Watch Those Dynamics!
For my second installment in this series I'd like to address an element of playing that EVERY serious musician should work on mastering... Dynamics. What are dynamics you say? Well, the musician's definition would be something along the lines of: "The changing degrees of loudness or softness within music." A great example of killer dynamics in action that most should know is "Tin Pan Alley" off Stevie Ray Vaughan's Couldn't Stand The Weather album. Stevie was all about using dynamics to express emotion, but there's more to it than just that. There have been many times when my dynamics control actually saved me from an embarrassing moment onstage.

"The most important aspect of using dynamics is to convey emotions and to signify the changing moods of musical passages."
See, I have to crank my amp's clean channel up a tad for certain tunes we play, and sometimes I'll forget to reset it after the song is finished (I blame it on the beer mostly - hee, hee). Well, when I then switch to the clean channel in another song where the band's overall dynamic level is lower and the first note I play comes out like a friggin' elephant's roar over the din... in a nanosecond I immediately bring the volume under control via dynamics (i.e., softening my attack to match the volume of everyone around me). That way I don't have to rush back to my amp to turn it down, thus breaking the music's flow and my whole vibe in the process.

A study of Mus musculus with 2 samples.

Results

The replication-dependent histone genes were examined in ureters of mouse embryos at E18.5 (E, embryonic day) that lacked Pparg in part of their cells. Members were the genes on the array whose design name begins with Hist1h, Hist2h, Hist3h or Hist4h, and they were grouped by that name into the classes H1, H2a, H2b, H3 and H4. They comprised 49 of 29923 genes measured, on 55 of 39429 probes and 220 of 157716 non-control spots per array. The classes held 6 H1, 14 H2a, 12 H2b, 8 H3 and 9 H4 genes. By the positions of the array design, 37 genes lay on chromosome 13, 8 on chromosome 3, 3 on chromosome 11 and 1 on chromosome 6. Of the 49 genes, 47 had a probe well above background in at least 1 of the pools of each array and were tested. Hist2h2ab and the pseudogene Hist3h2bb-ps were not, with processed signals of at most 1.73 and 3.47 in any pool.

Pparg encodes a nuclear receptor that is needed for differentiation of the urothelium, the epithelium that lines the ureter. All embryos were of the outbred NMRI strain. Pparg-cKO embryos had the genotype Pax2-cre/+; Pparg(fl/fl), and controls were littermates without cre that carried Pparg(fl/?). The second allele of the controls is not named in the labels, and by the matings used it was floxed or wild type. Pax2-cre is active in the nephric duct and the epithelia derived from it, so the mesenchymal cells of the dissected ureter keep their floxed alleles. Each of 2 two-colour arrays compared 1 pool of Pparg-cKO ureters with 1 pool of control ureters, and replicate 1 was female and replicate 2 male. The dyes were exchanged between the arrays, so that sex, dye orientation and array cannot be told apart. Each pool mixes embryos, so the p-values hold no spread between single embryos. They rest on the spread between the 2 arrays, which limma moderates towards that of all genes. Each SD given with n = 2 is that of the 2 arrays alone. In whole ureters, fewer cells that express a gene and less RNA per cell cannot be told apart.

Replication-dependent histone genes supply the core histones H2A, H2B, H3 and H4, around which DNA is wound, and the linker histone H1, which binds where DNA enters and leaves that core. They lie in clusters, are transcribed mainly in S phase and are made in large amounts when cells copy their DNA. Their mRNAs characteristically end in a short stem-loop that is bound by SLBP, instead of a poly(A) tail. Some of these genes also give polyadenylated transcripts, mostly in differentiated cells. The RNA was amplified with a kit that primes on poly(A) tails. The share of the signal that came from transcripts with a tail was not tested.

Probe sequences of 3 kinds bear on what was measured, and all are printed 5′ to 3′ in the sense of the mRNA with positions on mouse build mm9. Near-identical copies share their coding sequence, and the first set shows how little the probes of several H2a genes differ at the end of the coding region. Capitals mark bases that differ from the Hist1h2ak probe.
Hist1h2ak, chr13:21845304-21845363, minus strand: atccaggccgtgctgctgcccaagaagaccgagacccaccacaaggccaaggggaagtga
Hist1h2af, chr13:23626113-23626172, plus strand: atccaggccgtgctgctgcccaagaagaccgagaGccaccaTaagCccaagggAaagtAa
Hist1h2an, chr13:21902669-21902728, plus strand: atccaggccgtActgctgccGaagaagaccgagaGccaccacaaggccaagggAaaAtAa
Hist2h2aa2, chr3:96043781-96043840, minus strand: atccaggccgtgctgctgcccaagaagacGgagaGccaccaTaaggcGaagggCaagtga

However, that said I feel the most important aspect of using dynamics is to convey emotions and to signify the changing moods of musical passages. Like a tastefully developed vibrato, I think that having a good feel for dynamics is essential if one is to ever become a player's player. A good way I've found to work on dynamics (other than with a dynamics-conscious band) is to work on accents when playing your scales and exercises with a metronome (always with a metronome). Granted, most of us know how to accent the downbeat [One, two, three, four, One, two, three, four...] but try using syncopation (accenting the "weak" or off-beats) in combination with your regular routine [One-and-two-and-three-and-four-and, One-and-two-and-three-and-four-and...]. Pay particular attention to the loudness of the accents and the softness with which you play the unstressed notes exaggerating the loudness and softness degrees if you have to. Whatever it takes for you to get a feel for the varying degrees of note intensity possibilities. This way you can add dynamics on-the-fly that aren't necessarily dependent or relative to the overall dynamics as a whole.

Until next time...

Craig Smoot — Musician, Web Site and Info Systems Developer — is 1/2 of the guitar team for Black Label, and also runs Hellecasters.com and Rivera.com in his spare time.